WEDNESDAY March 8 saw millions of women around the world from Alaska to Zambia celebrate International Women's Day. The first women's rights mass meeting was held in 1908. Since then March 8 has been recognised as the official global day to honour the achievements of women past and present.
All over the world, women earn 20 to 50 per cent less than men and in every country unemployment is higher for women than men. Global statistics show that women are more likely to be victims of poor safety standards at work, yet are least likely to file complaints or take time off.
Dr Glenda Stone, CEO of global women's organisation Aurora who provides the worldwide register of IWD events at http://www.internationalwomensday.com said, "Women's equality has come a long way but the world should not become complacent. Many companies and countries still treat women unfairly. Thankfully worldwide interest in International Women's Day is increasing annually, not declining, and this indicates that women are not giving up on the fight for equality."
But it is not only women's groups around the world who take the day seriously. Major corporations, governments and educational institutions also celebrate the day.
Sue Jex, HSBC's Group Head of Diversity said, "Employee diversity is critical for corporate success. At HSBC, being the world's local bank means getting this absolutely right so that we successfully reflect and understand our local customer base. International Women's Day provides HSBC with an excellent opportunity to globally support a wide range of women's activity at the local level."
Meanwhile, an AP report from the United Nations, More than 240 women from over 50 countries accused Secretary-General Kofi Annan of paying lip service to gender equality but failing to take action to promote women and women's rights.
In an open letter to Annan, the women said on Monday they were "disappointed and frankly outraged" that strengthening the UN machinery focusing on women is not a central part of the UN's reform agenda. They also expressed deep concern "that the position of women in high-level UN posts has stagnated."
At a news conference to highlight the letter, Charlotte Bunch, executive director of the Centre for Women's Global Leadership, said: "We are really disappointed that once more we have to be here asking, 'Where are the women? Where's the money? Where's the commitment in concrete terms?"'
"Although we've had a lot of rhetorical commitment to women's rights, it still hasn't made it on to the big agenda of UN reform," she lamented.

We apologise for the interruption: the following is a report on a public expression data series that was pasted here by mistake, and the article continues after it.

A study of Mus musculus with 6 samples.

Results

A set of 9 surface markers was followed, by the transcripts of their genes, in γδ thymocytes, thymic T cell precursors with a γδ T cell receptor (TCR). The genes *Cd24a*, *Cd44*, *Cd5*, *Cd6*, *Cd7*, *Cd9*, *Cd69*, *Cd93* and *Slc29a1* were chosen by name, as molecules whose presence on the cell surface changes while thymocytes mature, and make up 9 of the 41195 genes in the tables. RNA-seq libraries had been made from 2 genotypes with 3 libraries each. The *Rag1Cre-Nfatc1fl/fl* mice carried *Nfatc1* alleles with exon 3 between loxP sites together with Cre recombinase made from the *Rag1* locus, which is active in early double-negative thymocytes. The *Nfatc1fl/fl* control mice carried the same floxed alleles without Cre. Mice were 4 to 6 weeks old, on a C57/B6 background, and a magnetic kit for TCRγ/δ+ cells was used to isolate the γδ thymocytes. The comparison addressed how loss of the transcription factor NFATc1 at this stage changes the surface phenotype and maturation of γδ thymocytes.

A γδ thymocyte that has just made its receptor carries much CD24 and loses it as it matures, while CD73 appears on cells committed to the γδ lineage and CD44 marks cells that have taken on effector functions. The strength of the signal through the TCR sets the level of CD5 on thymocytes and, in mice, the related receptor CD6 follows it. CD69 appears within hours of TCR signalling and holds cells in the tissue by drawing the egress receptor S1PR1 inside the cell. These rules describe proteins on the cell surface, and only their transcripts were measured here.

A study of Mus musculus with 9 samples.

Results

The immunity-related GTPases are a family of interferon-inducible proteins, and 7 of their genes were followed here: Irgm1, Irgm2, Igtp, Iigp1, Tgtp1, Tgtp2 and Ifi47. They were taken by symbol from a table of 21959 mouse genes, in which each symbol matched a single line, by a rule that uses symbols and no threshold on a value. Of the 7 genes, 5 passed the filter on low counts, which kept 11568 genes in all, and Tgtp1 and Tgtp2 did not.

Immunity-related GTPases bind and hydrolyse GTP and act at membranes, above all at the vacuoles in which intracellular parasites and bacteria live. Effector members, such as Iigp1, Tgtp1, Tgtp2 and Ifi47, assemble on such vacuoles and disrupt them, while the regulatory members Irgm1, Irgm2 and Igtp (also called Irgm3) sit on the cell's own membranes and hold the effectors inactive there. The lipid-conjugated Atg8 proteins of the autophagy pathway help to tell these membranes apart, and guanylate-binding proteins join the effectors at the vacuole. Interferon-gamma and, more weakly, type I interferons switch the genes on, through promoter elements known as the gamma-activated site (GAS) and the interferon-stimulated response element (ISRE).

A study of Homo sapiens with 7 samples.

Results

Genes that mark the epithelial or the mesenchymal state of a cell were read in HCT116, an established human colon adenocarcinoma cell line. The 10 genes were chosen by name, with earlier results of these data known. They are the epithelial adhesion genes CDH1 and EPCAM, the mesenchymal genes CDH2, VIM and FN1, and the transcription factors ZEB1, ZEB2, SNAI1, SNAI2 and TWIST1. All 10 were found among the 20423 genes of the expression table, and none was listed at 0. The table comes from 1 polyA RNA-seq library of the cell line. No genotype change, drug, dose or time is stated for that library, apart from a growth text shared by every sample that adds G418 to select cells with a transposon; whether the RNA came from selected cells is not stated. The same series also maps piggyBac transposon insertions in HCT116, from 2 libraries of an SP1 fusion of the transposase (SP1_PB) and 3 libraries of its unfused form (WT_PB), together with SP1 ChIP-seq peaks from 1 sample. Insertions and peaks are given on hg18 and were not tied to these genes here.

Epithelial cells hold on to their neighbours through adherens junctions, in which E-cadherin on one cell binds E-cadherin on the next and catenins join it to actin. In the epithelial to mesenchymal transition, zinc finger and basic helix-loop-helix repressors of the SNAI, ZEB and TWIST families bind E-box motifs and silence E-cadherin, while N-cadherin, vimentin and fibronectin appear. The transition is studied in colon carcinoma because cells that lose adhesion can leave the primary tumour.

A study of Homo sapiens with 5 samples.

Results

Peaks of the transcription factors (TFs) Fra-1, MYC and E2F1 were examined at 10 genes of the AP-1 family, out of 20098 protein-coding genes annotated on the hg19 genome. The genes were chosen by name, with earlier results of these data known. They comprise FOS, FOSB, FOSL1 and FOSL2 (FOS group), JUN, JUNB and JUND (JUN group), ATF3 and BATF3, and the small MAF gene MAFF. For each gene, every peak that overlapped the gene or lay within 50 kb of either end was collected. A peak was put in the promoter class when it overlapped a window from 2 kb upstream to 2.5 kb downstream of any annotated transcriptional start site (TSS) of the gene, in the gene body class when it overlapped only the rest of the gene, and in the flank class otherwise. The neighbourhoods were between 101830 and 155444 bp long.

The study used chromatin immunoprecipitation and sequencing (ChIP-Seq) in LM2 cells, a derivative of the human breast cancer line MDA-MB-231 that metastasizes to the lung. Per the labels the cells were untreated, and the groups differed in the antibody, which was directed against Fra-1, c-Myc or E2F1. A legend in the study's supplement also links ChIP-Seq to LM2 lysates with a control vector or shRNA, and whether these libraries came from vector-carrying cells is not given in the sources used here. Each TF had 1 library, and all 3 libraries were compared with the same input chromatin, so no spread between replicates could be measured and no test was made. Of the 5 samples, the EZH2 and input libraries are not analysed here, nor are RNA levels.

At the 1995 UN women's conference in Beijing, and at the 10-year review last year, commitments were made by the United Nations and governments to achieve equality of the sexes.
"If we're really going to say that women's equality is at the centre of the 21st century" and that this is an issue the UN has advanced in its 60-year history, Bunch said, "then it's time to have a new look at UN reform from the eyes of women."
The women who signed the letter are attending the 50th session of the Commission on the Status of Women and come from over 70 organisations. They urged Annan in his address to the commission on Wednesday, which is International Women's Day, "to announce concrete proposals for advancing gender equality" and strengthening the UN bodies that work for women's rights.
June Zeitlin, executive director of the Women's Environment and Development Organisation, said women attending the commission's two-week meeting "are demanding that in ... this critical time of UN reform, that women be seated at every decision-making table in these discussions and that the women's equality agenda be addressed."
The letter noted that a high-level panel appointed recently to study how the UN system deals with development, humanitarian assistance and the environment has only three women out of 15 members.
This week, the UN announced an all-male short list for the new executive director of the UN Environment Program despite a campaign by women's groups to appoint a woman, Zeitlin said, singling out Norway's former development and aid minister Hilde Johnson as very well qualified.
"This disparity between men and women at the UN is getting worse and we're really at an all-time low," she said. "In 2006, this is just unacceptable in an institution that's committed to gender equality and women's participation in decision-making."
Perhaps the problem is best exemplified by last Friday's appointment of Annan's chief of staff Mark Malloch Brown to replace Louise Frechette as deputy secretary-general when she steps down on March 31, Zeitlin said.
Pawadee Tonguthai, head of Asia Pacific Women's Watch who spoke on behalf of women in the region, said they protest "the fact that the UN hasn't been acting as a role model for governments in terms of putting more women in decision-making roles or taking care of this equal participation by women."
"If you don't have the UN as a role model," she said, "the government itself will also go backward."